As the world found out that legendary actor and comedian Robin Williams had died at the age of 63, reactions to the news tributes to the much loved entertainer instantly started to pour in, with many reflecting on the fact that despite whatever inner turmoils he had, he still found the energy and strength to keep the rest of the world laughing.
He was found at his Californian home and pronounced dead at 12:02pm (PST) on August 11th, with the Sheriff’s Office Coroner Division suspecting suicide due to asphyxia. It has been confirmed by the stars publicist that he had also been battling depression, with his most recent stint in rehab being a month before his death.
Robin Williams shot to fame in the 1970s when he starred in the TV series Mork & Mindy (1978 – 1982). Since then he has featured in many classic movies, including Good Morning, Vietman (1987), Dead Poets Society (1989), Hook (1991), Aladdin (1992), Mrs Doubtfire (1993), Jumanji (1995), Good Will Hunting (1997), Patch Adams (1998), Bicentennial Man (1999), One Hour Photo (2002), Robots (2005) and the Night at the Museum film series (2006 2009 and 2014)
Some of the movies can now be viewed in a different light. In World’s Greatest Dad (2009), Robin’s character Lance gives this now sadly ironic advice: “If you’re that depressed, reach out to someone. And remember, suicide is a permanent solution to temporary problems.”
Whether it be the funny, happy go lucky characters featured in classic comedies, to profoundly memorable, moving and genuine serious roles, Robin Williams was able to turn his hand to whatever was required and give it his all.
Aside from a fantastic and expansive career in film, Robin also was a successful standup comedian, delivering his sharp satirical and often improvised routines with an unfathomable energy and gusto.
Tributes have poured in from around the world from the public and celebrities alike. Comedian Billy Connolly called Robin both a friend and a hero, saying that he was “a unique talent and a kind and generous man”. Director Steven Speilberg said “Robin was a lightning storm of comic genius and our laughter was the thunder that sustained him.” Comedian Ricky Gervais also tweeted: “I am deeply saddened. He was a lovely man who would keep everyone laughing even if he wasn’t feeling good himself.”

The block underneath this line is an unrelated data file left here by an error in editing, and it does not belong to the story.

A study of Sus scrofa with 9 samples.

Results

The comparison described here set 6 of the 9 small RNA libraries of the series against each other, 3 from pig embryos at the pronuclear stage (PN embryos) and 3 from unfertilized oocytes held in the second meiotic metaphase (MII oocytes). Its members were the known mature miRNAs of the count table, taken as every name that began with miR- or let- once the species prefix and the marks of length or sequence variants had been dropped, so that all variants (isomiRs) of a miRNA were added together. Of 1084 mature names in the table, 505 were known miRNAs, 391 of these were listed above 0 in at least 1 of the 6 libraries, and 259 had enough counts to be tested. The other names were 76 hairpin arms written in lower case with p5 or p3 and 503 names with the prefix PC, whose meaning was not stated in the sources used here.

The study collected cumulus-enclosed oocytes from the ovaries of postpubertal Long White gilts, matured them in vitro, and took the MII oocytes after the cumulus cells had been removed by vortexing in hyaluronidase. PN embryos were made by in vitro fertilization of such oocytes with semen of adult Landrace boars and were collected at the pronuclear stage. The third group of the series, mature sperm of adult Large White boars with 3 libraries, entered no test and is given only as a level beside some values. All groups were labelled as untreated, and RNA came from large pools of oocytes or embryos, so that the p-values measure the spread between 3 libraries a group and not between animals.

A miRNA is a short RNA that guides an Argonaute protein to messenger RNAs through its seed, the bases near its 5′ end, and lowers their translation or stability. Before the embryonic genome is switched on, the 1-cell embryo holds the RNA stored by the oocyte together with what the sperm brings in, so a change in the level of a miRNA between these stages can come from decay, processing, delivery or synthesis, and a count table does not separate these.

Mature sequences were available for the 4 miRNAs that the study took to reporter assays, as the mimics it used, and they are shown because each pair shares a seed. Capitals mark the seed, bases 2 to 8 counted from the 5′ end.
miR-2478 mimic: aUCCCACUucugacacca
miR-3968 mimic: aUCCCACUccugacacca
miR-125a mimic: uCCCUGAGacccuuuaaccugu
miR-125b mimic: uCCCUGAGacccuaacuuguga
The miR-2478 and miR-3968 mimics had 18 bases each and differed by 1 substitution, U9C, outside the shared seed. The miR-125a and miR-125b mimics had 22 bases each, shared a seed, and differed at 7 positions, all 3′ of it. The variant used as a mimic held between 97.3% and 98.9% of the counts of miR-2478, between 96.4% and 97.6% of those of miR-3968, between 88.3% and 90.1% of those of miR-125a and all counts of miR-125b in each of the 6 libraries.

Robin’s wife Susan Schneider issued a statement saying: “I lost my husband and my best friend, while the world lost one of its most beloved and beautiful human beings. I am utterly heartbroken.” And even US president Barak Obama issued a tribute saying: “He arrived in our lives as an alien – but he ended up touching every element of the human spirit. He made us laugh. He made us cry.”
As well as the massive emotional outpouring at the loss of one of the worlds greatest acting and comedy talents, the death of Robin Williams has once again highlighted the problems caused by depression and mental illness. UK comedian Jason Manford took to his Facebook page to post this heartfelt and touching message:
If you feel alone and down, anxious and low. If you feel deep sadness but can’t find a root cause. If people tell you to ‘snap out of it’ or ‘things can only get better’ or ‘what doesn’t kill you makes you stronger’, know that it’s simply not always true. Sometimes it does kill you.
Please seek help. No one will think you’re being melodramatic, I swear. No one will think you’re silly or wasting people’s time. No one will say ‘what? But you’re always so happy, maybe you’re just having a bad day’. For some people, every day is a bad day and they get through it, but sometimes they stop getting through it.
If depression can (allegedly) kill Robin Williams, one of the world’s greatest funny men, well it can get any of us at any time. If the Genie from Aladdin can suffer and the DJ in Good Morning Vietnam can be affected by it, then so can you, or your child or friend or work colleague.
I always remind myself of the quote from Watchmen:
“Man goes to doctor. Says he’s depressed. Says life is harsh and cruel. Says he feels all alone in a threatening world. Doctor says, “Treatment is simple. The great clown Pagliacci is in town tonight. Go see him. That should pick you up.” Man bursts into tears. Says, “But doctor… I am Pagliacci.”
Please. Ask for help. If you have no one or if you don’t want to to tell them yet, then ring Samaritans on 08457 90 90 90 for someone to talk to, or talk to your GP.
The world needs you even if you don’t think it does. I promise, we need you here, now.
Has mental illness or depression touched your life? And if it did, how did you cope? Please let us know in the ‘comments’ section below. You can also leave any tributes to Robin Williams there…and don’t forget to let us know your favourite Robin Williams movies!